Point Blank is a 1967 American crime film directed by John Boorman and starring Lee Marvin and Angie Dickinson, adapted from the noir crime pulp novel The Hunter by Donald E. Westlake, writing as Richard Stark. Boorman directed the film at Marvin's request and Marvin played a central role in the film's development and staging. The film was not a box office success in 1967 but has since gone on to become a cult classic, eliciting praise from such critics as film historian David Thomson. Walker (Lee Marvin) – originally named "Parker" in Stark's novel – works together with his friend Mal Reese (John Vernon in his first major role) to steal a large amount of cash from a courier transporting funds for a major gambling operation, with the deserted Alcatraz island as a drop point. Reese then double-crosses Walker by shooting him, leaving him for dead. Reese also makes off with Walker's wife Lynne (Sharon Acker). Walker recovers. With assistance from the mysterious Yost (Keenan Wynn), who seems to know everything about everybody, Walker sets out to find Reese, take his revenge and recover the $93,000 he is owed.
The story is almost obliviously simple: Lee Marvin is a mafioso who's been turned on and left for dead. But not quite dead: He comes back (from the grave? who knows...) to get his vengeance. Or more precisely, to get the $93,000 he is owed by his former bosses.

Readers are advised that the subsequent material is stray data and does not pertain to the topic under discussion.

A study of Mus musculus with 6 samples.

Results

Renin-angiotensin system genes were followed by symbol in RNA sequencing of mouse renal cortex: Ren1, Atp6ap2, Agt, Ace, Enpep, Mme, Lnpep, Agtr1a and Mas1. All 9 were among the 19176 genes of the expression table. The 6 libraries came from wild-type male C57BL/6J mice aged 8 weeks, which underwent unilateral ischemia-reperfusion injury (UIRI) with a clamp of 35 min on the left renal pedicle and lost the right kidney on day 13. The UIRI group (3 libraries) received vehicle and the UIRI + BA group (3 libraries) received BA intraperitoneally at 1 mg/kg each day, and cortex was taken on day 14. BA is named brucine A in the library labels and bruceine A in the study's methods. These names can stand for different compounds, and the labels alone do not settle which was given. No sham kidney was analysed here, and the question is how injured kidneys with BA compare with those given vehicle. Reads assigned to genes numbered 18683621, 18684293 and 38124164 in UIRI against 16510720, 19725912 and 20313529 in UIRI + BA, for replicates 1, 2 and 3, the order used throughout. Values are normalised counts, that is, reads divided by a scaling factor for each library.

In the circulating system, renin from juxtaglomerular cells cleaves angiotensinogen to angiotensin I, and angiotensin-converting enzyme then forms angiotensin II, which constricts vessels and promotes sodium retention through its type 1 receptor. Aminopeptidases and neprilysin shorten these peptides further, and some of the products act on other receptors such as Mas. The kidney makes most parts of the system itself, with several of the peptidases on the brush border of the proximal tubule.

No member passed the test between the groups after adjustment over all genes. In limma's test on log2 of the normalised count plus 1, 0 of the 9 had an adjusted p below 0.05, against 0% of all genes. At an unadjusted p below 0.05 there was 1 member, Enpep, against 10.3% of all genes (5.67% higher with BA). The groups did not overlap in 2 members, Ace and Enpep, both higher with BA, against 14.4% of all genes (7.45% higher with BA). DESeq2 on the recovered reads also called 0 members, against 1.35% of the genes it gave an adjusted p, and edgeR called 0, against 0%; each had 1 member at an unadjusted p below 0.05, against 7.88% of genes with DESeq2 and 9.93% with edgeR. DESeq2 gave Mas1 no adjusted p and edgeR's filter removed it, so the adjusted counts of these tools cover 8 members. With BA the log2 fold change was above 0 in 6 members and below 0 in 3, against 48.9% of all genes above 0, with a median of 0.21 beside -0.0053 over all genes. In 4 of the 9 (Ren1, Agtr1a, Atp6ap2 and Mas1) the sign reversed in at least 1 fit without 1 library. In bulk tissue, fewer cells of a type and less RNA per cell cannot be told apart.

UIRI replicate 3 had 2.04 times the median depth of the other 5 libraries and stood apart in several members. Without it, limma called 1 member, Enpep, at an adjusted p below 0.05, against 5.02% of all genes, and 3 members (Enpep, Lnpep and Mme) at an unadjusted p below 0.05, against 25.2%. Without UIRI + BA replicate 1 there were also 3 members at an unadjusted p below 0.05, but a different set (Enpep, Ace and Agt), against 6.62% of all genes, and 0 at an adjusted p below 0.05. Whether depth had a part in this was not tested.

Marvin works his way up the food chain of The Organazation, and flunkie after flunkie meets a tragic end (though, oddly, never quite at Marvin's hand). But no one really believes he just wants his money. A hidden agenda is always assumed (and that agenda presumes murder), but it never comes to be.
With the ample aid of Angie Dickinson, Marvin creates a memorable character in a wholly unmemorable story. 'I want my money!' starts off as a cute rallying cry but quickly becomes tired. Though John Boorman would love for us to find this simple story to be clever, but it soon gets awfully repetitious. Marvin carries much of the film on his gravelly, innate charm, but even he can't sustain one note that long.
Included (strangely) as part of the Film Noir Collection #2 DVD box set.